Outdoors Columns

Notes from a plant nerd: Invasive Plants

There are a lot of misconceptions about invasive plants and how they should be handled. Adam Bigelow photo There are a lot of misconceptions about invasive plants and how they should be handled. Adam Bigelow photo

I’ve been writing this column for over a year and a half and every plant that I have highlighted and celebrated evolved and co-evolved in the bioregion of Southern Appalachia.

And believe me, I am far from done telling you stories of the native plants we share this ecosystem with as there are so many beautiful and wonderful plants around us to share with you. 

Which is one of the reasons that it perplexes me why so many people prefer to landscape their yards and public areas using plants that evolved in other parts of the world. These exotic plants can be beautiful and have characteristics sought after for landscaping needs, but then with so many native plants to choose from, there is always a replacement that would serve the landscape purpose and be native to this area.

This matters because of the intricate and fragile relationships insects and plants developed as they evolved together. Plants that did not grow up around here are mostly not seen as food by native insects in the same way as native plants have been and therefore don’t provide a home for caterpillars of moths and butterflies who like to eat the leaves of certain plants.

Some caterpillars are generalists, meaning that they can eat a variety of different plant species. Some are so specific in what they feed on that the butterfly is named after the plant it eats, for example, Pipevine Swallowtail (Battus philenor) and Pipevine, aka Dutchman’s Pipe (Isotrema macrophyllum), or its close relative the Spicebush Swallowtail (Papilio Troilus) whose caterpillars feed on the leaves of Spicebush (Lindera benzoin).

You’ve heard that the early bird gets the worm. More often it would be that the early bird gets the caterpillar, as caterpillars of all kinds make up the primary diet of songbirds, especially when they are raising their young. Some birds make upward of 1,500 trips a day to get food for their young, and Chickadees (Poecile spp.) require over 5,000 caterpillars to raise one clutch of chicks.

Related Items

While exotic plants can help native insects by providing nectar and pollen from their flowers, as they do not participate in this important part of energy transfer into the ecosystem, they don’t take as active a role as native plants do. This is a problem in your yard, where it causes a lot of harm when these exotic plants get spread around into natural areas. This is when exotic plants become invasive.

Invasive plants aren’t just those that take over large areas like Kudzu (Pueraria montana) and Privet (Ligusticum spp.). They are but two of many different invasive plants that cause ecological harm in the forest. A complete list for North Carolina can be found at ncwildflower.org/invasive-exotic-species-list.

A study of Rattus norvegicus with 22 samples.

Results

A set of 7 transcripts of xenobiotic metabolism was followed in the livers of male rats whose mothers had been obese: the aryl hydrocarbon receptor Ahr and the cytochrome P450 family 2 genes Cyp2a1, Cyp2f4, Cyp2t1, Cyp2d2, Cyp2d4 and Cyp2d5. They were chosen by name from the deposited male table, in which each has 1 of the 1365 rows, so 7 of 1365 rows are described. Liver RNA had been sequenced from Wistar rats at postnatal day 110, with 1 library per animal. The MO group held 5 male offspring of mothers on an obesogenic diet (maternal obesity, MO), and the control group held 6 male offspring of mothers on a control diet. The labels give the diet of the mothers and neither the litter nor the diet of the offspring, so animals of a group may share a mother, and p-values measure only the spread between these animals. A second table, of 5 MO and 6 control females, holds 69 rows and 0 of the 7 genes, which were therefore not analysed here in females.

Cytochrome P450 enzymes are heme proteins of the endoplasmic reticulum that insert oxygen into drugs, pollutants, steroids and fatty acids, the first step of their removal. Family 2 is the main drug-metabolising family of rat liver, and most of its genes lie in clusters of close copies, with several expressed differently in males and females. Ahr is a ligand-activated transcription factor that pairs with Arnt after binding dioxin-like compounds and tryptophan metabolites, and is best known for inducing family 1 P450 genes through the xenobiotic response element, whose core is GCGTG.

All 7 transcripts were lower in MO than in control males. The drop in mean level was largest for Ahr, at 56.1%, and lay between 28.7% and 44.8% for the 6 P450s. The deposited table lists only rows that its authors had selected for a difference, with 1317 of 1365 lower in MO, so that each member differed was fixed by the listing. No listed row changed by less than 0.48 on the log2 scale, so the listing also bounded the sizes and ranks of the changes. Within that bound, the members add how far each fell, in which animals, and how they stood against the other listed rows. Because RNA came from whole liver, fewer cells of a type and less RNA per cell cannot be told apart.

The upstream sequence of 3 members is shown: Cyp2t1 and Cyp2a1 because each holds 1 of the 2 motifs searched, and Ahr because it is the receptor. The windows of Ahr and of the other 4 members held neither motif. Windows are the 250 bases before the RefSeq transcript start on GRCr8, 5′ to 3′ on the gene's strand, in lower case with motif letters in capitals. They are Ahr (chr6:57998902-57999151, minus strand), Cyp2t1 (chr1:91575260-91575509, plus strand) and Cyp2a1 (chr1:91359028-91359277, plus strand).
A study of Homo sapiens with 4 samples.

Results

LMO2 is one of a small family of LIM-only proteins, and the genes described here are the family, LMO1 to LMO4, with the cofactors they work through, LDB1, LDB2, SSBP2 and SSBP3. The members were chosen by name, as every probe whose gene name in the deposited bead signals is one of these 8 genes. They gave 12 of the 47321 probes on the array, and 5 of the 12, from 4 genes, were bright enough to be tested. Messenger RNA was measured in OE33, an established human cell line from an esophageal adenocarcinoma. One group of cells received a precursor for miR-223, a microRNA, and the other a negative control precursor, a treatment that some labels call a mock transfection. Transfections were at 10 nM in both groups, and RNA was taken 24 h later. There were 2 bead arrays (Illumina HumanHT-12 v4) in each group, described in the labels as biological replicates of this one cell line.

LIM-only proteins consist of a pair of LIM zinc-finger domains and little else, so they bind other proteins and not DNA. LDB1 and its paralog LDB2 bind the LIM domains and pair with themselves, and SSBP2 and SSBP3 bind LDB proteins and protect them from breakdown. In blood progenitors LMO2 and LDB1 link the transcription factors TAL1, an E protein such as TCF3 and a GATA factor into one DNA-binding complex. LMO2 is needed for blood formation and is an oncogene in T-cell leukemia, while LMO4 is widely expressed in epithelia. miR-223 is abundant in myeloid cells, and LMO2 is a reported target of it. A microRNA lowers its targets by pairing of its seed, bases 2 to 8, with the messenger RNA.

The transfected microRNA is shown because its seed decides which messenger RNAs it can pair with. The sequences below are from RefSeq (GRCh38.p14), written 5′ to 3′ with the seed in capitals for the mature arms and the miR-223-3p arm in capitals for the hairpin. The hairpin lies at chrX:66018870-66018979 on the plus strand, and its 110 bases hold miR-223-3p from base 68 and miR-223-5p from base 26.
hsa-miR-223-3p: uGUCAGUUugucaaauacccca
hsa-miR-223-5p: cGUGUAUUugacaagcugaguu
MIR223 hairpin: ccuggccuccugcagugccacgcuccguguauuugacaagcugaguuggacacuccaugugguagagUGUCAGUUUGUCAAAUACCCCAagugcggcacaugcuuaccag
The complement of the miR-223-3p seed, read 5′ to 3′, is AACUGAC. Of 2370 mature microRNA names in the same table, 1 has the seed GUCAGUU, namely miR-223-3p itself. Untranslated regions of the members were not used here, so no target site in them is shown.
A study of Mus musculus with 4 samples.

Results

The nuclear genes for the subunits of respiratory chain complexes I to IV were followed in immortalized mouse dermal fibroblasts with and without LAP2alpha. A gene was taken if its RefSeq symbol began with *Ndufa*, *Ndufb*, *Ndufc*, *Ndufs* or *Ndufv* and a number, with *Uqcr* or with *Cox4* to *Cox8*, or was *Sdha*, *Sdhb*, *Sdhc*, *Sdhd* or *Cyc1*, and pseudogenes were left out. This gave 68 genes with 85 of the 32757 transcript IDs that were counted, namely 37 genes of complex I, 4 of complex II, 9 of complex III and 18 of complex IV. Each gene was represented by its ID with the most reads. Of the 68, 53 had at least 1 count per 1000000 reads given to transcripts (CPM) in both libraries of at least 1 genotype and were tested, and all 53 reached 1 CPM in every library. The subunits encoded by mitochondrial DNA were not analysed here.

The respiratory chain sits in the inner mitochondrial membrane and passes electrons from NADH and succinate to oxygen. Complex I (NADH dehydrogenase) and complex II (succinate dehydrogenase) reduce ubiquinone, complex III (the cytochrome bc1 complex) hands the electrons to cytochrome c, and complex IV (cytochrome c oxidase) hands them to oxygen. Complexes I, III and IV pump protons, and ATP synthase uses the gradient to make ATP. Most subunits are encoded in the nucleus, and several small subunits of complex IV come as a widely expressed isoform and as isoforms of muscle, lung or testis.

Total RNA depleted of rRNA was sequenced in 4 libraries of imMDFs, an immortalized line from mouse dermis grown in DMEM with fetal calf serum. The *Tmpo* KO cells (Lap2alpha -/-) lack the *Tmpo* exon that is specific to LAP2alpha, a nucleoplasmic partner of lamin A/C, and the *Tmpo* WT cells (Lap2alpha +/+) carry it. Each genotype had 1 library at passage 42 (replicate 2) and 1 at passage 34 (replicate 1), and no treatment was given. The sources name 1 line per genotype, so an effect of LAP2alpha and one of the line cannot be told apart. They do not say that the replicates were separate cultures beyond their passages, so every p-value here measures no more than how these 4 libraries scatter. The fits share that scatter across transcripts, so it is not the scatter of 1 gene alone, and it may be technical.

One thing all of the plants that are considered invasive have in common is that they are all exotic and did not evolve in this bioregion. There are some native plants that did co-evolve with the other plants, insects, fungi, animals and other critters around us that are fast, aggressive growers that you might want to keep out of your veggie or flower beds. But, as they are native, by definition they can’t be considered invasive. All invasive plants are exotic plants.

And not all exotic plants are invasive. There are certainly some gentle players in the landscape and veggie garden that don’t cause harm. Or maybe just not yet. For this and many other reasons, I recommend planting and caring for native plants in your landscape while removing invasive plants, not as a matter of preference but for the birds and butterflies and other creatures who depend on them for life, and whom we share this life with.

(Adam Bigelow lives in Cullowhee. He leads weekly wildflower walks most Fridays and offers consultations and private group tours through Bigelow’s Botanical Excursions. This email address is being protected from spambots. You need JavaScript enabled to view it..)

Smokey Mountain News Logo
Go to top
Payment Information


At our inception 20 years ago, we chose to be different. Unlike other news organizations, we made the decision to provide in-depth, regional reporting free to anyone who wanted access to it. We don’t plan to change that model. Support from our readers will help us maintain and strengthen the editorial independence that is crucial to our mission to help make Western North Carolina a better place to call home. If you are able, please support The Smoky Mountain News.

The Smoky Mountain News is a wholly private corporation. Reader contributions support the journalistic mission of SMN to remain independent. Your support of SMN does not constitute a charitable donation. If you have a question about contributing to SMN, please contact us.